NEW YORK (TheStreet) -- While Google (GOOG) and Amazon (AMZN) have rolled over in price, and IBM (IBM) has fought to hold steady, Hewlett-Packard (HPQ) has kept powering upward, helped now by its planned $1 billion investment in cloud computing.
HP's shares are up nearly 45% since CEO Meg Whitman came on board in September, 2011, and a spectacular 170% since their November 2012 low. With the company's market cap now at about half its sales, some analysts still consider it a bargain.
But this looks like a bubble that is ready to pop.
Hope for growth at Hewlett-Packard lies in cloud computing. The company said this week it will put $1 billion into cloud products and services over the next two years, using the brand name Helion, and deliver its own distribution of the open source OpenStack cloud infrastructure system.
The problem is $125 million a quarter is chicken feed in the cloud wars, and profits there are becoming increasingly hard to come by. HP doesn't even lead the OpenStack project. Red Hat (RHT) is the largest contributor, followed by IBM.
The 29 analysts currently following HP stock expect earnings per share to come in at 88 cents when results for the April quarter are announced later this month. That would beat the January quarter's 74 cents per share by about 20%.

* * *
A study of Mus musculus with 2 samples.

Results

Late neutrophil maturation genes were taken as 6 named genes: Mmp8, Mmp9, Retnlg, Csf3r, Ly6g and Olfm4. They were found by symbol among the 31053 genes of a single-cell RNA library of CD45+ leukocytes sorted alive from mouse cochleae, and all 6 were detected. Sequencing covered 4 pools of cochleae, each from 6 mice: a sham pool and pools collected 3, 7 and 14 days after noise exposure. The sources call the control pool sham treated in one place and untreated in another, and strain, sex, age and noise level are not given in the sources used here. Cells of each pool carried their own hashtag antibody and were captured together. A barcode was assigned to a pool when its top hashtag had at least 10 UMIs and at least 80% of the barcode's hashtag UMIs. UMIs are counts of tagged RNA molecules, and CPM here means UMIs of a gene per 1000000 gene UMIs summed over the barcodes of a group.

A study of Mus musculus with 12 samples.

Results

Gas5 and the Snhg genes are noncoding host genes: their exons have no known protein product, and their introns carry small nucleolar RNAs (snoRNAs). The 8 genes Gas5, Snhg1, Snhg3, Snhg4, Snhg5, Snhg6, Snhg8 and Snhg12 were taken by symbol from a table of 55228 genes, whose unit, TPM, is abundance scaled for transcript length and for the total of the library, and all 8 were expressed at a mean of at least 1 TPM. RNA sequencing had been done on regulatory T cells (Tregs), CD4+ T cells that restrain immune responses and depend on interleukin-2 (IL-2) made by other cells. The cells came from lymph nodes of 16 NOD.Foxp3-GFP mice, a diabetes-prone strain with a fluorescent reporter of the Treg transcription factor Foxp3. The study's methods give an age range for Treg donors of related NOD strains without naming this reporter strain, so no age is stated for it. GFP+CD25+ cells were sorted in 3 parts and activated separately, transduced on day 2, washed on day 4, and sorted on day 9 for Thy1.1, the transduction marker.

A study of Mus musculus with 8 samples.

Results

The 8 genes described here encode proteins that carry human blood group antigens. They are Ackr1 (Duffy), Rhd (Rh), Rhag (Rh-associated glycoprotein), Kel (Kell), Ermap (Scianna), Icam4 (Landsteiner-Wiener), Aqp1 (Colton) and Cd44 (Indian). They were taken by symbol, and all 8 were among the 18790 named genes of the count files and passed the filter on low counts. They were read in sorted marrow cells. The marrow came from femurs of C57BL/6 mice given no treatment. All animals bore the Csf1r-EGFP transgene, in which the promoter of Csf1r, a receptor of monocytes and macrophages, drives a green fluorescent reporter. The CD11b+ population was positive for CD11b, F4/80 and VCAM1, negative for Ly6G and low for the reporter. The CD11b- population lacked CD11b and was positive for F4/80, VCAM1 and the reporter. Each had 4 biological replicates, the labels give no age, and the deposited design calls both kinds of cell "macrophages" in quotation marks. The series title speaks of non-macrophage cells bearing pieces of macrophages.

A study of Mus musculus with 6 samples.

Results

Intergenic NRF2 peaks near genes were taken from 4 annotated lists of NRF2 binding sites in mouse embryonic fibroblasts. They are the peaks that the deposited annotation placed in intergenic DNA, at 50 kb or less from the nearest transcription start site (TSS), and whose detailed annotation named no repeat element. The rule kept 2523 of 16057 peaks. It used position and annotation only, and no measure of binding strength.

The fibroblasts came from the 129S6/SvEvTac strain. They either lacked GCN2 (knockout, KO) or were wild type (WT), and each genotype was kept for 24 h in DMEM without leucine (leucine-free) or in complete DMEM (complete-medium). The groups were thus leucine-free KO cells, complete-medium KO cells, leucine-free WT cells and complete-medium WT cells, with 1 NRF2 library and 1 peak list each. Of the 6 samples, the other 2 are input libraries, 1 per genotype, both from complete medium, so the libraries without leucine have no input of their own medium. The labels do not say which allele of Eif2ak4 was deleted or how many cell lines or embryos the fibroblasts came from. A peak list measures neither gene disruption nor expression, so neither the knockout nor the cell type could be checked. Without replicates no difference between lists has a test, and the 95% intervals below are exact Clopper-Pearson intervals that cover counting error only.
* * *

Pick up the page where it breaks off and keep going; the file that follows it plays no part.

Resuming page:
So far, Whitman has kept earnings high through cost-cutting, with plans to cut 5,000 from the payroll during this fiscal year alone. But this is also the year Whitman promised the company would start growing.
Cloud is a big part of that. The company's plan is to package its data centers as private clouds, to build public clouds for enterprise customers using OpenStack, and to make big promises on security and privacy that enterprises will pay up for.
The problem is that every other tech giant is doing the same thing. IBM said it would put $1.2 billion into building 40 OpenStack data centers in January. Intel (INTC) put more than $700 million into buying just a piece of a single cloud software outfit, Cloudera, in April.
All these investments are dwarfed by the billions being put into cloud by Amazon, Google and even Microsoft (MSFT), each of which may put $1 billion into the space this quarter alone.